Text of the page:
Blood on the Tracks is a bi-weekly series that documents songs with dark histories. Sometimes they’re songs about something gruesome or terrifying, and sometimes they’re seemingly innocent tracks that are given a bizarre and sometimes horrific new life over time.
We don’t really understand our deepest fears until we’re forced to confront them. Generally speaking, fear exists as a kind of form of primal survival instinct. It’s not that we fear being up high, it’s that we dread what happens when we suddenly plummet. We don’t fear the spider itself, we fear what happens when its venom begins to course through our veins and arteries. Even a fear of public speaking begins to make sense when you take it to an extreme—rejection from society leads to isolation, and few things are more terrifying than being alone.
These fears are common for a reason. They’re mundane, everyday things, constant reminders to not make public fools of ourselves or to maybe keep a few feet away from the precipice—better yet, don’t jump out of a moving airplane. Scary though these all might seem to us, they’re familiar. We can conceive of them. We can make sense of them. But sometimes the most terrifying things we can endure are the things we don’t even conceive of. Like when our own bodies turn against us.
A few years ago I took my wife to an urgent care clinic, and it was busy enough that patients were being treated in shared rooms divided by curtains, as the entirely private rooms were already full. As we waited for the doctor, the patient one bed over was given a diagnosis that’s pretty hard to hear, even though we all know it can and very likely will happen to everyone who lives long enough to hear it: One of his organs had, in fact, died. He was transferred to the emergency room for surgery, and at that point, I have no idea what happened to him. But I overheard two nurses talking after the fact, saying out loud what nobody wanted to acknowledge: He was probably going to die. Suffice it to say I’ve been pretty uncomfortable in hospitals from that point on.
This kind of thing happens every day, and we can rationalize some of it away with the fairly mundane reminder that nobody lives forever. But you expect the fragile system that keeps you moving, breathing, pumping with blood to last at least seven or eight decades. But Pharmakon‘s Margaret Chardiet was only in her twenties when she experienced a harrowing health scare of her own. Chardiet had developed a 12-centimeter cyst that caused one of her organs to collapse, which meant she needed to have emergency surgery to remove it. The physical toll of the procedure, having her body sliced open and parts removed like a piece of soft machinery, was no doubt stressful enough on its own, and her recovery period long and painful. On its own, it’s a reminder of how fragile we are, an experience that foists helplessness in the face of whatever semblance of control we think we possess. But all around her were reminders of how easily that mortal bond can be severed, and under potentially much bleaker circumstances.
“While I was there I saw a man dying next to me, and he was crying out for his daughter. She did not come,” Chardiet said in an interview with Pitchfork. “So it wasn’t just about the experience of what happened to me but also about being there—going under anesthesia and not knowing what was going to be missing when you woke up. Not knowing what to expect on the other side.”
Chardiet documented her experience in breathtakingly intense fashion on her 2014 album Bestial Burden, to date her strongest and most cohesive set of tracks, taking her typically imposing and massive industrial-noise approach and drawing on that personal vulnerability to arrive on something more unsettlingly affecting. It still sounds terrifying (and looks terrifying, as the butcher-shop cover art can attest); the breaths on “Vacuum” are claustrophobic, the screams on “Body Betrays Itself” visceral. Its peak is the title track, perhaps the least cacophonous moment in Pharmakon’s catalog to date, though by no means the most soothing. In applying restraint, Chardiet creates her true masterpiece of horror—a nightmare to which none of us are immune.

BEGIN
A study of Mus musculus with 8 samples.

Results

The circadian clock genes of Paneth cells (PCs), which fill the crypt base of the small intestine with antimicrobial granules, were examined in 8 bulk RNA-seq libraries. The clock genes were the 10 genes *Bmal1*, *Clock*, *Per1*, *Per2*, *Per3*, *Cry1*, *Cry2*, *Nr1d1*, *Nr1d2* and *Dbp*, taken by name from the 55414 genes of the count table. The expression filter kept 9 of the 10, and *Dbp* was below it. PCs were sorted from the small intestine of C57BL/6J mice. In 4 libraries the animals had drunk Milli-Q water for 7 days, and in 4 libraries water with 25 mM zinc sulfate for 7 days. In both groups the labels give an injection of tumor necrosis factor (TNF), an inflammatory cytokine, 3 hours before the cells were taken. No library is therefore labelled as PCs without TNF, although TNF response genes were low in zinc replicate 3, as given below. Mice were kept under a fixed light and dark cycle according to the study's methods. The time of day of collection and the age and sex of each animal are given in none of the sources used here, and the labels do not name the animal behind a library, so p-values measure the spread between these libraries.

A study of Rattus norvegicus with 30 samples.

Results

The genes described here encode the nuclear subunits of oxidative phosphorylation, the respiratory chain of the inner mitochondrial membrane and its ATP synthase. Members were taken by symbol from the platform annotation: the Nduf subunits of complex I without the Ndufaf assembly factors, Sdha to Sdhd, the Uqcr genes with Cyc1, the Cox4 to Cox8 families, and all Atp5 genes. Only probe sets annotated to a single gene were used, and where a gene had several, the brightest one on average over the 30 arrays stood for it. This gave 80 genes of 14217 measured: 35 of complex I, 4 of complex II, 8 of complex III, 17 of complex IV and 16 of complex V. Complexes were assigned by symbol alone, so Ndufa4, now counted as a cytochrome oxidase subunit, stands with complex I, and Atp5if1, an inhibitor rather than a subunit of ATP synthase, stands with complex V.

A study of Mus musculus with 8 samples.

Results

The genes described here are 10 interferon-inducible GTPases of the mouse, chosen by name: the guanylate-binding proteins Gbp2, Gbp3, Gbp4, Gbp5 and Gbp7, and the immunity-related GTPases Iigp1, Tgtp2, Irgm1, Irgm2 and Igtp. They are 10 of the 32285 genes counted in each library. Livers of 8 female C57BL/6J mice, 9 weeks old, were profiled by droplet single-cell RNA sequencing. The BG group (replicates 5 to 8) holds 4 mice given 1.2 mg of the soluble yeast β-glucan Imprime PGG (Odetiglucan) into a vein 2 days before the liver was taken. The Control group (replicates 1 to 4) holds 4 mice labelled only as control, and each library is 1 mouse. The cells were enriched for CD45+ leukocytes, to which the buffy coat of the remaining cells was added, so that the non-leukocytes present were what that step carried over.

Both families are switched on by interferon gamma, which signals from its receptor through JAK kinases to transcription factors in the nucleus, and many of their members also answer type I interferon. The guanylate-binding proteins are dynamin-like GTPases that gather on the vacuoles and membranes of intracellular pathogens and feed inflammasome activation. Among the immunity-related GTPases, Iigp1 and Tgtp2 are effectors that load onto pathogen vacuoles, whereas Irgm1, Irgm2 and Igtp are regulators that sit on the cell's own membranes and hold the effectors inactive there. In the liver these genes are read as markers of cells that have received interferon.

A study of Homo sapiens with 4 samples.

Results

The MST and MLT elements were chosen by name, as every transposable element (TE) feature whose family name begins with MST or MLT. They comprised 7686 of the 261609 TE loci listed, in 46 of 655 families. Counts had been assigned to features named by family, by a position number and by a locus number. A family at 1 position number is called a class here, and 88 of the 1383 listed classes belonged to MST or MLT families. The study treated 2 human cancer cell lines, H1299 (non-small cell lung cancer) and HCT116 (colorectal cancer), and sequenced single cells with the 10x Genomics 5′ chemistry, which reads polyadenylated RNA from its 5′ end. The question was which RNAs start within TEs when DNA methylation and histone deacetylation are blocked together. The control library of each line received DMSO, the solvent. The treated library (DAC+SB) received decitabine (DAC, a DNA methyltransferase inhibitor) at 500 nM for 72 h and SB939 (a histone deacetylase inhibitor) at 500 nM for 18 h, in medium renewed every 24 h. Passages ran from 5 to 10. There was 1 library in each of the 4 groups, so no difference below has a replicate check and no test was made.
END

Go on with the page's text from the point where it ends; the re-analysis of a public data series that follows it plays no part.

By Pharmakon standards, “Bestial Burden” is relatively minimal, comprising a two-tone bass undercurrent set against a high-pitched squeal of distortion and metallic clangs. And throughout most of the song, Chardiet speaks in paranoid, manic tones through echo effects, as if to mimic the effects of medication and anesthesia, disoriented by her surroundings and terrified of the circumstances. She eventually erupts into panicked screams, but amid the unpredictable rise and fall of her voice, the escalation and retreat, she acknowledges how fragile a state she’s in: “I’m just hanging in the balance/Tethered by only a thin thread/Between a shadow and its source/Between this flesh and its form.”
To be clear, this is still a dissonant and deeply disturbing song, rife with the hallmarks of noise and industrial while employing space as a device for creating greater tension. It’s not her heaviest or most overwhelming piece of music, but it’s the one that might make you lose the most sleep, less for how it sounds than what it says. And the line she repeats most often is “I don’t belong here.” Sometimes she sounds scared when she says it. Sometimes she sounds on the brink of a violent outburst. Sometimes she even yelps it out between fits of manic laughter, as if it’s not her physical body that she’s fighting but her grip on reality itself—no doubt a very real side effect of such an ordeal. But with each repetition, one begins to question the nature of her statement: “I don’t belong here.” We assume it’s the hospital room. Maybe it’s inside of the body intent on rejecting its host. Or perhaps it’s the mere bewilderment of acknowledging you’re still alive.